3rd Northwest Conference on Japanese Pedagogy

Keynote Speaker

Prof. Masako Douglas (California State University Long Beach)

Content Based Language Instruction (CBLI):

Curriculum Design and Measurement of the Effectiveness

“I learned that the key to learning this way is to really delve into the Japanese sources and get really familiar with the vocabulary. The more familiar it becomes, the easier it is to remember and the more it sticks. It can be more difficult to learn without doing the work to learn it, like learning the language another way, but it can also be very effective.”

This is an excerpt from the reflection journal written by one of my students who was enrolled in an advanced Japanese course with a CBLI approach in the fall semester of 2017. I did not explain what CBLI approach was in my class, but her reflection clearly indicates the principle of the approach, which generally refers to language learning through the study of a content area. The approach treats the target language largely as the vehicle for teaching specific subject matter rather than as the immediate object of study.

In this keynote presentation, I will, first, briefly introduce the rationale for the CBLI approach and its use in a variety of language learning contexts. Then taking an advanced Japanese course, “Japanese Civilization,” as an example I will demonstrate how to design CBLI curriculum and assessments, and how to differentiate instruction for the students with a wide range of language proficiency. I will also discuss how to design scaffolding activities to assist students when they obtain information from authentic Japanese materials. Lastly, in order to discuss about the effectiveness of the approach, I will present the results of the empirical study in which I measured Japanese language development in the Japanese Civilization course.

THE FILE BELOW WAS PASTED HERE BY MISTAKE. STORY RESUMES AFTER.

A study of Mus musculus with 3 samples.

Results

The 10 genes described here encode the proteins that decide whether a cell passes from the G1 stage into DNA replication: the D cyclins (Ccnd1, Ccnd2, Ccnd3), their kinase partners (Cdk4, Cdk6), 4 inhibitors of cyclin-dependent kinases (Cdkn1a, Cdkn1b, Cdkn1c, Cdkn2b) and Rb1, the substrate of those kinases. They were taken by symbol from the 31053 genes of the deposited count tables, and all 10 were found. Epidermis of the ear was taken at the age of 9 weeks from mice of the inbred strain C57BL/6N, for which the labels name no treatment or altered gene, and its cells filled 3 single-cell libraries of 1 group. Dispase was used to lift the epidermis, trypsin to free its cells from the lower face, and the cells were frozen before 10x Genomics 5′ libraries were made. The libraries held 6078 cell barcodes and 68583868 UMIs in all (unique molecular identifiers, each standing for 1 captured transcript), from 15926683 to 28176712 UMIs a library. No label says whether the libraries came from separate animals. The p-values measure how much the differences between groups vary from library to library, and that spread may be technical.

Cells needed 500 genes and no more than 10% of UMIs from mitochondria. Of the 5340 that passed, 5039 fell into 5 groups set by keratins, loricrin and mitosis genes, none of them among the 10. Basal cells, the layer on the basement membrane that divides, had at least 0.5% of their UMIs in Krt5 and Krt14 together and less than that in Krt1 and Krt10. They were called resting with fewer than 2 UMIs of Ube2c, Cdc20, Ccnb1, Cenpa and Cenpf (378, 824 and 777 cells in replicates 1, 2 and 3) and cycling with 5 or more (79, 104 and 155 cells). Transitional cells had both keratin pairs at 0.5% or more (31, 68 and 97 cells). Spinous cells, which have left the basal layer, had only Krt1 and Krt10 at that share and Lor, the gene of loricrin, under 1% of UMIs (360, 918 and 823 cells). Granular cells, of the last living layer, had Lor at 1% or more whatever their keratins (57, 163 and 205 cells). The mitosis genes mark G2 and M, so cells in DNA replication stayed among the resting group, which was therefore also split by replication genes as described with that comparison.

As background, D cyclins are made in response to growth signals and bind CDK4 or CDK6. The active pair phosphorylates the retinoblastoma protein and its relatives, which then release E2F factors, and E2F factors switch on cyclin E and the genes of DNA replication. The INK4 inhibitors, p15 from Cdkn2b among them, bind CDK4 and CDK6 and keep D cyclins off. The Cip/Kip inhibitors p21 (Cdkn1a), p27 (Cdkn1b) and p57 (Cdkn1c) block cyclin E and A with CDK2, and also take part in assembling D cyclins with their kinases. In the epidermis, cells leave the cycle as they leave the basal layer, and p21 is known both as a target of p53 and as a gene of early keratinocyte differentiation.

Masako O. Douglas is Professor of Japanese, and Coordinator of Japanese Program
at California State University, Long Beach. Her primary research is in curriculum design
and instructional effectiveness of Content-Based Language Instruction (CBLI) and
Project Based Language Learning (PBLL) approach, and literacy development of young
and adult learners of Japanese as a foreign/heritage language. Her recent publication
includes “Assessing the Effectiveness of Content-Based Language Instruction in
Japanese at the College Advanced Level,” “Crisis, Change, and Institutionalization:
Adopting a New Curriculum at a Japanese Weekend School,” co-authored article,” Dunk
Tank for Natsumatsuri (Japanese summer festival) at a Japanese Language School. An
Instructional Unit Created for Project Based Language Learning with Interculturality,”
and “Japanese Language Education of the Earlier Generations: From 1885 to World
War II.” Dr. Douglas jointly developed and co-taught the CBLI course of Japanese
Online Instruction Network for Teachers, offered by American Association of Teachers
of Japanese. She contributed one of the online video modules in Heritage Language
Teaching: Language-Specific Topics and Approaches by the National Heritage
Language Resource Center and STARTALK. She is a recipient of the American
Association of Teachers of Japanese 2012 Teacher Award.

If you have any questions, please contact Izumi Matsuda-Kiami at matsuda@uw.edu with “NWCJP” in the subject line.